As I’ve noted elsewhere, I’m an idea man, but I work way better when I’m riffing off of the flawed ideas of others than when I’m trying to invent my own stuff out of whole cloth.
I haven’t finished Dead Rising yet; the whole mall full of zombies and ways to kill them thing sounded awesome, but those bastards at Capcom decided to put in that crazy time limit for saving all the survivors and getting all the story events to appear. If you just run around killing zombies with all the cool shit in the mall, you won’t lose the game, but you won’t really “win” either, at least as I measure it.
Ok, yes, I’m a little bit crazy about collecting everything and getting the best ending and all that and shut up I’m perfectly normal I just like getting the most out of my games.
I imagine that this is the designers’ stab at having you feel some tension and excitement, as defending yourself is actually pretty easy once you’re leveled up. If your zombie-killing capacity is nearly unlimited, the only way that Capcom can could inject some kind of scarcity to limit you is to give you a scarcity of time instead of, say, weapons. But this means that you don’t get to run around the mall stocking up on chainsaws and fireaxes and shredding crowds of undead; instead you just have to grab those things when you happen upon them while you’re sprinting like a camera-laden Jesse Owens to try and kill your way to the next survivor before he cowers himself to death. I appreciate that taking out the shitty time limit and the shitty escort mechanic and the shitty save system would kinda leave us with Dynasty Warriors with lots of weapon pickups. To be honest, I don’t really see the problem with that, though. As it is, I got to a part of the game where I can’t really quite save everyone that I want to, but I’m far enough from both the beginning and the end that I can’t decide whether to plow through and try another playthrough later to get everyone, or just start over and try to be faster about my gimpy-mallrat rescuing.
So yeah, Dead Rising has a nasty case of 3rd disc syndrome for me. But I did get far enough that I’d had a number of infuriating events while trying to get survivors back from the mall environs to the safe room where you stock them up. The real revelation for me in this situation was that you could not only heal your survivors up and keep them alive by handing them your food items, you can also give them weapons and they will defend themselves. They even handle their weapons a bit differently: some rescuees are cowards who will drop melee weapons and cower if zombies get close, so you have to give them guns, while others will go berserk and charge into mobs of zombies if you give them strong melee weapons and have to be armed with guns and stuck in the back of the group to keep them from hoo-rah’ing themselves into zombie chow. Some are old or injured and can’t move without help, costing you the ability to help fight when the group is moving. A precious, precious few are actually competent at killing zombies.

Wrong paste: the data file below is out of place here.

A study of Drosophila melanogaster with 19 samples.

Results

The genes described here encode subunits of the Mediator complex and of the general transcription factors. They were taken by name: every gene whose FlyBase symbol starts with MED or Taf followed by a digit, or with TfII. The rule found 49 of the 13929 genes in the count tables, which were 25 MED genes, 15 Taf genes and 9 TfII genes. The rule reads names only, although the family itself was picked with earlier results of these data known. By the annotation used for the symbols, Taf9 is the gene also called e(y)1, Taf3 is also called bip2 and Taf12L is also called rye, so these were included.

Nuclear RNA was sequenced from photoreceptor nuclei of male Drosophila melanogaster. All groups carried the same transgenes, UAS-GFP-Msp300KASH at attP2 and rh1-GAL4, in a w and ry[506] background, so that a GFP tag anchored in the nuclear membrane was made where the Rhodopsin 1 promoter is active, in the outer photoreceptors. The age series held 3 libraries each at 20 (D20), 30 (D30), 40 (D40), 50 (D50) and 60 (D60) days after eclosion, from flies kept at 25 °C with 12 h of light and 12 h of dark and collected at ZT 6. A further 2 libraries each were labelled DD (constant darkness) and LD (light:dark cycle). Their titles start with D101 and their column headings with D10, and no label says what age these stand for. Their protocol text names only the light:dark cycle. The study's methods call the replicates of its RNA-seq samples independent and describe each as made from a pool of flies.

Combined with the ability to order the group to stand in one place – say, backs to a wall – while you run around being awesome and saving the next addition to your little crew, this really changed the vibe of the escort part of the game for me. It stopped being a matter of herding retarded sheep through the mall while simultaneously chopping scores of zombies and NOT chainsawing any of my human charges, which is a bit like juggling 2 eggs and a KitchenAid; instead I was leading a small and very rag-tag army of average jerks with scavenged weapons toward an objective, tactically engaging and avoiding mobs of zombies on the way. Frankly, it was a bit of a bummer dropping these folks off at the safe room, although I felt a little more vested in saving them having spent more time with the mindless little drones.
I’d really like to see this mechanic at work again. The sensation of starting out alone and building up a force out of the people and equipment that can be scavenged could be really compelling in other games. I’m particularly not thinking about traditional style RPGs, where a predetermined character roster is filled out on a schedule set by the designer. I’d kind of prefer to be playing some sort of survival scenario – off the top of my head: post-war, post natural disaster, mid-riot, high school – where there is a supply of friendly NPCs around of various capabilities to recruit from and equip. Honestly, I get so hard at the thought of heading out into post-nuclear Los Angeles to find other survivors, bring them back to my town, and put them to work manning defenses and building a village with whatever skills they bring to the table. Or, just starting out alone and on the run and taking enough people along with me until we can get to a point where the group’s numbers and experience are enough to turn the tables and begin taking territory back again.